In recent years, an increasing number of workers have started operating as contractors through personal service companies (PSCs) and therefore becoming potentially subject to the IR35 rules.
This is an area that HMRC claim to be losing significant tax due to individuals using a limited company to carry out professional services but working in a manner more like an employee. The IR35 legislation was introduced to tackle this lost tax and remove the advantages of operating through a limited company and ensure that contractors pay the same tax and national insurance as an equivalent employee. However, despite changes to the legislation over the years since it was first introduced, HMRC claim that too many contractors are continuing to operate outside of the rules.
Changes were therefore made in 2017 in relation to the public sector which will now also be rolled out to the private sector from April 2020. The new rules mean that the contracting businesses, and not the contractors themselves, will be responsible for determining the employment status of their contractors.
Where a contractor is deemed to be inside the IR35 legislation, from April 2020 the business must deduct employee’s national insurance contributions and income tax from the contractor’s pay as well as paying employer’s national insurance contributions. Only small businesses will be excluded from the new rules and will therefore continue to operate as before, where the contractor was responsible for determining their status.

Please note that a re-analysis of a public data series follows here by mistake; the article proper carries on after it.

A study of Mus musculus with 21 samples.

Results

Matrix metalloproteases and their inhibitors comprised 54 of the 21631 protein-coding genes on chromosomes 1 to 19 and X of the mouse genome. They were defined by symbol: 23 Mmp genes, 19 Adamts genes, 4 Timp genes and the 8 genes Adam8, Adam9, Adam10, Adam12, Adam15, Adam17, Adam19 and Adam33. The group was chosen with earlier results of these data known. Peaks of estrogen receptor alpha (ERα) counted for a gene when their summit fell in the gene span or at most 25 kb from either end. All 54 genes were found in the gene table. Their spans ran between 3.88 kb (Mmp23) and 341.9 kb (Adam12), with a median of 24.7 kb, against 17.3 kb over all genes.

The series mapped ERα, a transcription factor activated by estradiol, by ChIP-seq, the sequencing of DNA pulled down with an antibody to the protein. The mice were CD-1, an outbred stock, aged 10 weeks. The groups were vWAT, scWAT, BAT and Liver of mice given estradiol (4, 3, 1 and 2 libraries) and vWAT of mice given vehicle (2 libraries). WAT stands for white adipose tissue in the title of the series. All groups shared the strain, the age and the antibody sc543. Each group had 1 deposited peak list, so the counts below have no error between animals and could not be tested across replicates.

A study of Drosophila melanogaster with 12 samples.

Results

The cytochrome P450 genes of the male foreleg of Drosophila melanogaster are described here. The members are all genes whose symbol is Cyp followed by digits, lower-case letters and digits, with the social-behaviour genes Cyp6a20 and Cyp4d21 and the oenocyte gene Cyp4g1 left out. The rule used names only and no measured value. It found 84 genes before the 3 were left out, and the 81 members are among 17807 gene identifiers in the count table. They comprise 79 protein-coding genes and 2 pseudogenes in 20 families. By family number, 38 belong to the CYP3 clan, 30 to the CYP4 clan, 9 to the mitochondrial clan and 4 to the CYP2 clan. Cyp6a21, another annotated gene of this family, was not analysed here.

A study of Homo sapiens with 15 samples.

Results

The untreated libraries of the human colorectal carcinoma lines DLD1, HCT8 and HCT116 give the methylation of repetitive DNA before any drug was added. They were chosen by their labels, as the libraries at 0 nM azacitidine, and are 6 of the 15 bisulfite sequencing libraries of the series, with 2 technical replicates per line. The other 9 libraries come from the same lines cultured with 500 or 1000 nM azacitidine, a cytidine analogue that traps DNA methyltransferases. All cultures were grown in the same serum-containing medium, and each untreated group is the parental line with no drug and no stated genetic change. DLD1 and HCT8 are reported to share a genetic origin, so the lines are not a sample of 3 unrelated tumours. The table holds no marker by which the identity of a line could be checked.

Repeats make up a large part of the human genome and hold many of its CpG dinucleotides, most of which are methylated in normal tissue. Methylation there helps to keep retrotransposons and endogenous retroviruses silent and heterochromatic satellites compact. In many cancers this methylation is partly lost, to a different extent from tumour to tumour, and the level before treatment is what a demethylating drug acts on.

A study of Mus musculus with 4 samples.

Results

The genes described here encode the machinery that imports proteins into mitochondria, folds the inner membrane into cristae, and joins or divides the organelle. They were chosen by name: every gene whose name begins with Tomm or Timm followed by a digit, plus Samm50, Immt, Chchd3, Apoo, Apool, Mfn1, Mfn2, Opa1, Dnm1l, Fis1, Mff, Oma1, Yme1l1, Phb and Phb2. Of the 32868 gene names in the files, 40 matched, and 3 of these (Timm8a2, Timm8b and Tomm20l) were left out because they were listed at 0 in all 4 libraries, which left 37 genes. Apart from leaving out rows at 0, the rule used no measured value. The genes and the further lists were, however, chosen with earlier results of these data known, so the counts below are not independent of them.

To qualify as a small business, the Companies Act 2006 definition is applied, which means meeting two or more of the following:-
In light of the new rules, HMRC recently launched an updated and improved Check for Employment Status for Tax (CEST) tool on their website and should be used to determine whether a contractor should be classed as employed or self-employed for tax purposes in line with the IR35 legislation. Obtaining and retaining confirmation from the tool of the status of the contractor is recommend for businesses who are required to confirm the status of their contractors, as it provides evidence for any future enquiry and is considered taking reasonable care.
If you have any questions about how your business may be affected please contact us.